Book Review - Disco Sour

DISCO SOURDISCO SOUR by Giuseppe Porcaro
My rating: 2 of 5 stars

I received an ARC of this book from Netgalley. I was excited by the idea of a science-fiction novel revolving around apps and a seemingly gay protagonist. Well, I was partially correct in my assessment of that.

Porcaro is a debutante fiction writer and this book was publicly-funded through a project called Unbound. The fact that the book did not have an editor proved one of its downfalls. For one, the synopsis does not touch on the main themes of the book, that of a general mess-up who spends the entire book pining for his first love.

Bastion is the Executive Director of The Federation, an arm of legislation/politics (I really couldn't figure it out) desperate to maintain order and sanity in a chaotic near-future. The Euro-centric setting is a refreshing departure from the overwhelming England/American stories the publishing world is flooded with, and the author's vast (yet imperfect) knowledge of people, places and languages adds a flavour of authenticity to Bastion's hectic travelling schedule.

The book starts with Bastion being dumped via a generic message from an app just prior to a celebratory work party. It supposedly ruins his evening, but we never feel it - we are informed thus, and while Bastion does, from time to time, reminisce about his boyfriend's curly black hair, his emotional reaction never goes beyond skin deep.

Bastion drinks too much and goes back to his hotel room with a woman that looks like his first love, Janine. The next morning, nursing the worst hangover ever, he realises he is missing his Morph (the phone to end all phones), and must hurry to get a replacement and make his flight to Chile for a conference. His colleague, Sandra, alerts him about their nemesis Nathan using the conference as a platform to present his election app which will potentially end the usefulness of The Federation. So starts a series of ridiculous events which sees Bastion miss three flights, his scheduled time to speak at the conference and suffer sleep-deprived hallucinations that convince him that he is the target of a global conspiracy.

This book could have been great, but didn't even get close. There is jargon-heavy speak between the main players, none of which makes sense to a layman, but most importantly, doesn't give us much inkling about the story or the plot. There is plenty of expository world-building, written as if the author is reading out a text book, but it feels inauthentic and out of sync with the narrative. Porcaro never weaves the world-building into the story, it is always a separate entity that stops the plot from moving forward.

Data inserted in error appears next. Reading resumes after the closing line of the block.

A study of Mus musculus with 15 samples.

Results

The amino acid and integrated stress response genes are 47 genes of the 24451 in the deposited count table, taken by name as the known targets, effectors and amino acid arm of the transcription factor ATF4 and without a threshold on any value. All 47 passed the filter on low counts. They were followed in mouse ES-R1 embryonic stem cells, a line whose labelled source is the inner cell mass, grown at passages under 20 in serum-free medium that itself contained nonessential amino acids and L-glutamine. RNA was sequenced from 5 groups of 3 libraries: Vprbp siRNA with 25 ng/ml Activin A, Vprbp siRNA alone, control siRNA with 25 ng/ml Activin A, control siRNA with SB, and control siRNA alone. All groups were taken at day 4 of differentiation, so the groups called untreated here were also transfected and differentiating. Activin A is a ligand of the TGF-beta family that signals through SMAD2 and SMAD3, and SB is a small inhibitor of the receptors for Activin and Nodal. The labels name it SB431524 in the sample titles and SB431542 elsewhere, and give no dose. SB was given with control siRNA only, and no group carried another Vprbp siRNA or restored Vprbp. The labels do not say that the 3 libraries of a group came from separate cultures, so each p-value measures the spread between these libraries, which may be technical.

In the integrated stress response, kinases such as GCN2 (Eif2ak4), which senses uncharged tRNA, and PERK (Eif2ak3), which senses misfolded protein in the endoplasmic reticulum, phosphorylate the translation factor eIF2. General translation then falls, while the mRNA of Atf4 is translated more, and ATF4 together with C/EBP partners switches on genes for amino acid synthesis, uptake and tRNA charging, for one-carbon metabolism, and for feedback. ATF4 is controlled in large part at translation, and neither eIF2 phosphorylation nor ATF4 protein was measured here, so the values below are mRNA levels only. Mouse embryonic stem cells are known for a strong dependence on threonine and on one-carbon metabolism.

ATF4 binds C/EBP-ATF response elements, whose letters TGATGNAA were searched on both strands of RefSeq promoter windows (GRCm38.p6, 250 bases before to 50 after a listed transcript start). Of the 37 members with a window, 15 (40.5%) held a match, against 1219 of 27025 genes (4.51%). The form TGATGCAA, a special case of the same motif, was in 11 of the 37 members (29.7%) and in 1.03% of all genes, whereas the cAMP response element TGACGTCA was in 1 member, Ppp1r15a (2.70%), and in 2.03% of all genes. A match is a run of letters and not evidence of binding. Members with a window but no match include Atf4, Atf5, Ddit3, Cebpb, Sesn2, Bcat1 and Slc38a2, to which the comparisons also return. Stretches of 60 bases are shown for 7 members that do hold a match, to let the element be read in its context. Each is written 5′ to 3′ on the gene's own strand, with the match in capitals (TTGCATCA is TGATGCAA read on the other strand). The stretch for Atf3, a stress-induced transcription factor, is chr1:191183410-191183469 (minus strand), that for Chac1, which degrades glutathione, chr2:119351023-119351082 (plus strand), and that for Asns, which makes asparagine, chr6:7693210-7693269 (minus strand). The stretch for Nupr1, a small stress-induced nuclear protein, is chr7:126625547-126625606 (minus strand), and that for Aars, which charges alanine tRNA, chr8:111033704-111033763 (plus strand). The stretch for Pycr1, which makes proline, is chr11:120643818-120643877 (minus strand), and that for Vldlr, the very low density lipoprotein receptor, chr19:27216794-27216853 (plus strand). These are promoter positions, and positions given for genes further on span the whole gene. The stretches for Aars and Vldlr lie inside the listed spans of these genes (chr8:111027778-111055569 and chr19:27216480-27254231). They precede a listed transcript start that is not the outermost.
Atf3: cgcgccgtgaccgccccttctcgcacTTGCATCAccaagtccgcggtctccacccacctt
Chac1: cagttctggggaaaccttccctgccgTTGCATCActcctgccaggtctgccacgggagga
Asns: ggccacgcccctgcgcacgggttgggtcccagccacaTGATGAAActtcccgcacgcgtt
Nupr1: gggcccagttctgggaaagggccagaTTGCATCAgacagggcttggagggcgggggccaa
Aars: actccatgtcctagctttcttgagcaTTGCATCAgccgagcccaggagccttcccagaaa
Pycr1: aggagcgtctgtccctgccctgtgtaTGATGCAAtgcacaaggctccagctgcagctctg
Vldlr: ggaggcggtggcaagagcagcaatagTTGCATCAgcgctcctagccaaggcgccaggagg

Add to that, the inclusion of trademarks, etc in the written lexicon make it an uncomfortable read. From my experience, most companies require such marks to be incorporated on first instance, and then discarded following this. Following this rule of thumb would have made the reading experience better. Or else, a keen-eyed editor may have been able to increase readability by reducing the amount of nomenclature in the book.

The timeline is also confusing, where it suggests that the current events take place later than 2032, yet the protagonist was living a full life in the early noughties, and has clear knowledge of everything in history, no matter how far back it goes. How old is he, exactly?

This book isn't actually about the takeover of apps or political mind games, it's mostly about one drunk dude who cannot get over his breakups. Every single event is punctuated by Bastion pining for Janine. For a book that starts off with him having a boyfriend, we spend the majority of the story on his relationships (and some explicit details) with women. That's a classic bait-and-switch manoeuvre that I really should have seen coming, but didn't. Bastion is coded as bisexual, but the heteronormative manner in which the book is written just reduces his past girlfriends to one-note caricatures of human beings. Janine may be a neuroscientist, but she is also a version of the crazy ex-girlfriend trope.

Much of the 'political' shenanigans escaped me - they weren't well-written or written with any gravitas. The world that Porcaro has built is exquisite, but we never get to experience it. I felt 'disconnected' instead of 'conjoined' with the narrative. So much seemed to be riding on Bastion's speech at the conference, only for it not to take place on-page. And then, when it seems like their worst nightmare has come true, a convenient computer hack solves the day. Seems like some B-movie style writing here.

As accomplished and error-free as 'Disco Sour' is, it never quite finds its feet. Porcaro has a brilliant imagination, but he is not able to intertwine the world he has built with the people who are living/running it or with the story that will affect it. Plus, this book appears to be little more than a romance disguised as political philosophising. There is no harm in adding romance to any genre, but if it is going to be the main theme, tout it as such so that the reader is not caught unawares. I think a good editor could have tightened up some of the clunky writing, as well as ironed out the vagueness in the narrative. We needed to understand the gravity of the situation, but couldn't through all the exposition.

I highly recommend Porcaro continues building on this world, but maybe with a character not as incompetent as Bastion. I would love to read more of his vision of the future.